Venturing outdoors will soon become deadly for people living in Pakistan, India and Bangladesh due to climate change, predicts a new study.
The climate change will drive heat and humidity to new extremes, which may prove unbearable for many people.
The authors of the study, led by former MIT research scientist, Eun-Soon Im, wrote:
The most intense hazard from extreme future heat waves is concentrated around the densely populated agricultural regions of the Ganges and Indus river basins.
Why This Reports Matter More?
Although majority of the climate research and reports are based on temperature projections, this report — published Wednesday in the journal Science Advances — is rather unique because it considers humidity along with body’s ability to cool down in summers.
These factors combined are commonly known as wet-bulb temperature. It is calculated by taking the air temperature while a wet cloth is wrapped around the thermometer. This method helps in determining humidity and shows how quickly the water will evaporate.
It also helps in determining if the climate change can become dangerous or not.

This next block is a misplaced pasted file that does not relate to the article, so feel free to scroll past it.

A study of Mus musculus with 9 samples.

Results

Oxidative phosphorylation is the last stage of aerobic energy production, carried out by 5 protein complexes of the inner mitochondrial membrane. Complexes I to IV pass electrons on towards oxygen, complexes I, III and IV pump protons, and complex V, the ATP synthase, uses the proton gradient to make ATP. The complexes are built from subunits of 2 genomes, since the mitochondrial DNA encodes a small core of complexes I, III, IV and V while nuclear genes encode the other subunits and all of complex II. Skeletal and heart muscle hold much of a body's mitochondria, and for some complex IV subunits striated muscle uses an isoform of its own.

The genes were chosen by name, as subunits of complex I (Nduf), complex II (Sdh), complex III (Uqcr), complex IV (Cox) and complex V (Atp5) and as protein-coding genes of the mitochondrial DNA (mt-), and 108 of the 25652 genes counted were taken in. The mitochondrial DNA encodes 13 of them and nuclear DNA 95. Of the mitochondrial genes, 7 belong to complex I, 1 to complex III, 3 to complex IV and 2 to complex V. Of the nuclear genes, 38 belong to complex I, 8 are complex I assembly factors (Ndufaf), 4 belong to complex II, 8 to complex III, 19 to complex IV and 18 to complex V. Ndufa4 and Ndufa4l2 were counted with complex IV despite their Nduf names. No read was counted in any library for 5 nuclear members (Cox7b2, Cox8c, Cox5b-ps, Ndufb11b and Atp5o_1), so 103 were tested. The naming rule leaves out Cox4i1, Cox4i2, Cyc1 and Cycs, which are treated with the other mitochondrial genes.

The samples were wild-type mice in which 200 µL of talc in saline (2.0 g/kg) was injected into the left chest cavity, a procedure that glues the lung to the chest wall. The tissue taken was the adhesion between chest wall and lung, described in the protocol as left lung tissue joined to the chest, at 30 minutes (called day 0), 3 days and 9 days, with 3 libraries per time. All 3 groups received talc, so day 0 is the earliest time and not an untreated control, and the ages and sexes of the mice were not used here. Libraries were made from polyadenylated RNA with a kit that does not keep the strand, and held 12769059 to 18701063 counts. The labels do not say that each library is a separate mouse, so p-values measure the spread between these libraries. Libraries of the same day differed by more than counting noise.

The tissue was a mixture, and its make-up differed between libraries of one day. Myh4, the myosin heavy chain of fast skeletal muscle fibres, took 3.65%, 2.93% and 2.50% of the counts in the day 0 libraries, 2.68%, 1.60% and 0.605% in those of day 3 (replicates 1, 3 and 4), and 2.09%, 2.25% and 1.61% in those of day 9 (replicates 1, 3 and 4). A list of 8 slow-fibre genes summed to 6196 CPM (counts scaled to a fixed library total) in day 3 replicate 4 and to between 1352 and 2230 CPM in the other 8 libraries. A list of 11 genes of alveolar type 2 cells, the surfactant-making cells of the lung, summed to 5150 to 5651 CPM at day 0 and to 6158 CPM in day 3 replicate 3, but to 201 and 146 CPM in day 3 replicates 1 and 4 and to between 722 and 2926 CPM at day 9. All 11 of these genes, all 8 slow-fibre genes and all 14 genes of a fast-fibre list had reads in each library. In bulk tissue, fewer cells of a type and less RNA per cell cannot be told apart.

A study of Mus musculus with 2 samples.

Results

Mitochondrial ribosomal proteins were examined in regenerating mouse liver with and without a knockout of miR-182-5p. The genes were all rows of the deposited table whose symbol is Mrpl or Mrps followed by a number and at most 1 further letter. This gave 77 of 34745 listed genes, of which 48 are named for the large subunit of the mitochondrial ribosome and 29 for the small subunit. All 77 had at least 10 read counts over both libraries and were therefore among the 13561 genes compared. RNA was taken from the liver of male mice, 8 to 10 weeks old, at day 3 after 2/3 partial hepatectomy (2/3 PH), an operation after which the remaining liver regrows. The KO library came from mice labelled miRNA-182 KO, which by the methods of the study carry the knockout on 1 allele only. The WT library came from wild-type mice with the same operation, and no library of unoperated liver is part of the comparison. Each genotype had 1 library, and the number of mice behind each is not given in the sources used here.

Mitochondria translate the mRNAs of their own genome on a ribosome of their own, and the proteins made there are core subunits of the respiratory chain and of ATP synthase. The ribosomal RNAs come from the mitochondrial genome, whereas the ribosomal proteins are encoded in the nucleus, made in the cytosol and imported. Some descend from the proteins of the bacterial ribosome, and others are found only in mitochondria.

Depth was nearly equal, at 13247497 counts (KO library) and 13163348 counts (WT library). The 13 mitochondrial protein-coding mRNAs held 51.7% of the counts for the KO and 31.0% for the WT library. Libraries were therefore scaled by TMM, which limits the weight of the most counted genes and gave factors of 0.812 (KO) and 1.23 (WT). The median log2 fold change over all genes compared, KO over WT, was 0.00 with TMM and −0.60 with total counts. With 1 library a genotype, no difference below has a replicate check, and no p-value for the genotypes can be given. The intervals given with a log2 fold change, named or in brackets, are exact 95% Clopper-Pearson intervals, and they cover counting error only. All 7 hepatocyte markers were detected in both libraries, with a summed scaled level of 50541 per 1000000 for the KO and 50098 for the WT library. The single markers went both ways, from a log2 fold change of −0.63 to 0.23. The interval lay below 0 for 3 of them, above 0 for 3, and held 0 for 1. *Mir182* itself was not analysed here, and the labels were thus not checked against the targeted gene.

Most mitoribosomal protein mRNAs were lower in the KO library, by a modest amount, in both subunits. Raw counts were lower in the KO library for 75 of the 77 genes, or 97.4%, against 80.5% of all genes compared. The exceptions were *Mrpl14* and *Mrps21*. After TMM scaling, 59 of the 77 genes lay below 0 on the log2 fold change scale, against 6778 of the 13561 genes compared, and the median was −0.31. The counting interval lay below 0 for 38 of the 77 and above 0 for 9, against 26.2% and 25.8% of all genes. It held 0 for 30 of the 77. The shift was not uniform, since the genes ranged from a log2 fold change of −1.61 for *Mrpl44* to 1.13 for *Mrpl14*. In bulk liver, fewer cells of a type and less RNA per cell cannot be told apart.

Scientists claim that human can survive a wet-bulb temperature of 35°C. If the temperature exceeds from that limit, human body has trouble evaporating the sweat. It can lead to heat strokes within just a few hours, which is what happened in Karachi back in 2015.
“It is hard to imagine conditions that are too hot for people to survive for a more than a few minutes, but that is exactly what is being discussed in this paper,” said Stanford University climate scientist Chris Field, who was not involved in the study. “And of course, the danger threshold for punishing heat and humidity is lower for people who are ill or elderly.”
The wet-bulb has rarely crossed 31°C in Pakistan, India and Bangladesh but it is still considered extremely hazardous.
The study clearly states:
Both scenarios play out dangerously for South Asia. But with no limit on global warming, about 30 percent of the region could see dangerous wet bulb temperatures above 31 degrees C (88 degrees F) on a regular basis within just a few decades.
That’s nearly half a billion people by today’s population levels, though the full scale could change as the population grows. Meanwhile, 4 percent of the population — or 60 million in today’s population — would face deadly highs at or above 35 degrees C (95 degrees F) by 2100.
But if the world can limit global warming, that risk exposure declines drastically. About 2 percent of the population would face average wet bulb temperatures of 31 degrees C (88 degrees F) or higher.
This report should not be taken lightly as Pakistan and India have already seen heat waves which have resulted in over 3,500 deaths since 2015.